A typical pedigree cat is bred to specific standards and behavioural characteristics. As with pedigree dogs, a pedigree cat can be used to breed from and shown in various cat shows within the UK.
A Pedigree cat is identified and registered with the main registered bodies in the UK, the GCCF which is the UK's equivalent to the Kennel Club. A registered pedigree kitten should be a certified and also be registered during the time in which you purchase or adopt.
Pedigree cats are gorgeous, as is your average Moggie. Before looking to own or adopt a pedigree cat, you will need to understand the priorities of owning a pedigree cat and what predisposed genetic health issues your Pedigree cat may be predisposed to.
Search for the right breeder
Before you commit to buy or adopting your kitten or cat, you should do plenty of research into the most suitable cat breed for you and your family. It's also worth having a conversation with a reputable breeder about the future health of your cat. Your breeder should know the history of the cat and its parents. This would be the right time to ask any questions you have about the kitten you're interested in. If you are at all hesitant and the breeder isn't cooperating as they should be, then you should walk away and report the breeder ASAP.
A responsible breeder will want to discuss what your intentions are, whether you will be looking to show them, potentially breed from them, or simply make them a household cat. At this point, It is normal for the breeder to request a deposit to secure the cat (which is non-refundable) This will then be refunded from the total amount payable. It's important that you ask for a payment receipt for this transaction.
The kittens should be playful and be enjoying the attention during your visit. If any of the kittens show nervousness, appear scared, or sad, then you should report this to the RSPCA. This is a good time to ask more questions and look out for ill health signs such as visible ear infection, signs of diarrhoea or fleas. A healthy kitten should have bright, clean eyes and show no signs of infection. At this stage, the breeder should introduce you to the litter and teach you how to hold and handle the kittens. If anything seems wrong then it is important that you don't let your heart rule your head and take an unwell kitten home. This is a job for the RSPCA.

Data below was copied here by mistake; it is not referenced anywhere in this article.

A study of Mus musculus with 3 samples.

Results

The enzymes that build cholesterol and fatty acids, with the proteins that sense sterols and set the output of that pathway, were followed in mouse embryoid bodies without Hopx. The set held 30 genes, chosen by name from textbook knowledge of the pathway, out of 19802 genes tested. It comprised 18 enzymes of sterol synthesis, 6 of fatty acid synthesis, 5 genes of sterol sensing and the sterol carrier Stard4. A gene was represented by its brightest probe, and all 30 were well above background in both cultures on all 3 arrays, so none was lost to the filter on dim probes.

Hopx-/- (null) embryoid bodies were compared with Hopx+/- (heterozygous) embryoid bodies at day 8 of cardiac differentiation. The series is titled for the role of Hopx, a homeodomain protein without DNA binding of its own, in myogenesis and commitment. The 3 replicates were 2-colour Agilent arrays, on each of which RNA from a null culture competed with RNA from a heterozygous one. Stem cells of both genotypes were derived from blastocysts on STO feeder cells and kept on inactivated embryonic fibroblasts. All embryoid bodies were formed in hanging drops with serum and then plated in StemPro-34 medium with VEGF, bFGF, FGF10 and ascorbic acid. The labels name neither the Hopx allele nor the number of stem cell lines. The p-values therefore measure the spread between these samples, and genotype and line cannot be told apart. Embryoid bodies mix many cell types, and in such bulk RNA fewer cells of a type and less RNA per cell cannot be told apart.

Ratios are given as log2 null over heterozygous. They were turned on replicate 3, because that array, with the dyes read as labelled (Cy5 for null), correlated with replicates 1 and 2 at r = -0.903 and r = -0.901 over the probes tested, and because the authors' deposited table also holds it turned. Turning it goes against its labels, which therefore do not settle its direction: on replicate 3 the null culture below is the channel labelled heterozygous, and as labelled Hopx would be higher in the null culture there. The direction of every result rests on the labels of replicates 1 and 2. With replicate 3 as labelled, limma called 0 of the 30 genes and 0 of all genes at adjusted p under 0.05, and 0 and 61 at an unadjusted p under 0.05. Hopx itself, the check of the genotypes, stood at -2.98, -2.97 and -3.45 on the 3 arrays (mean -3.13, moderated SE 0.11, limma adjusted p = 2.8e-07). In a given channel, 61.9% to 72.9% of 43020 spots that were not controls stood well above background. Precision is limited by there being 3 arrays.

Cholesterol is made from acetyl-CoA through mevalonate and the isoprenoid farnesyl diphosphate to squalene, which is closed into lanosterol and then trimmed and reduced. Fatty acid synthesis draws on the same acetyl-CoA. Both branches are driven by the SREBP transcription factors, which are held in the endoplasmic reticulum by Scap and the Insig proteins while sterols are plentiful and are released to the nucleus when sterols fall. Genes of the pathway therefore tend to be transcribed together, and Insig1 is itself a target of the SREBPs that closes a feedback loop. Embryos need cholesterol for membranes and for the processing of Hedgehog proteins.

Picking up your kitten and their paperwork
Kittens should leave their mothers around the age of 14 weeks and be fully vaccinated, trained and weaned. During the collection of your kitten, you will need to collect their paperwork. The paperwork will include the kitten's pedigree and registration document, which should be signed. Further information on this can be found in our pet advice section.
Seeing the paperwork and having your own copy is very important. If the breeder has chosen to use two different pedigree of cats to mate, this means that the kittens are not pedigree and would be classed as crossbreeds.
You will need to also collect the kitten's certificate of vaccination to ensure that they've received their two different vaccinations against cat flu and FIE. You will need to ask the breeder if they've microchipped the kittens and if so, you must receive the paperwork for this as well and make sure the details are changed to your contact details. If the breeder hasn’t microchipped the kitten, then we recommend that they are microchipped for their own safety.
It is important that you request the insurance details and the accompanying paperwork. Most leading insurance providers offer the first month for free when the kitten is at their most vulnerable. For insurance recommendations, please visit our pet insurance advice page for further information.
The breeder should have placed the kitten on a specific diet and will need to provide you with a diet sheet of what the kittens have been fed and should be fed when you take them home.
After you have gone over all of the above the breeder should request you to sign some documentation to prove that everything was explained and relevant paperwork was given. It is important that both parties sign the paperwork.
Taking your kittens home
As with any experienced, dedicated breeder, they will be in touch to check how the kitten is getting on and as a reputable owner, you should be involved with the breeder in the initial stages. If you experience any issues with the kitten after you take them home then you should let the breeder know straightaway. For further information on cat advice, please visit our cat advice section.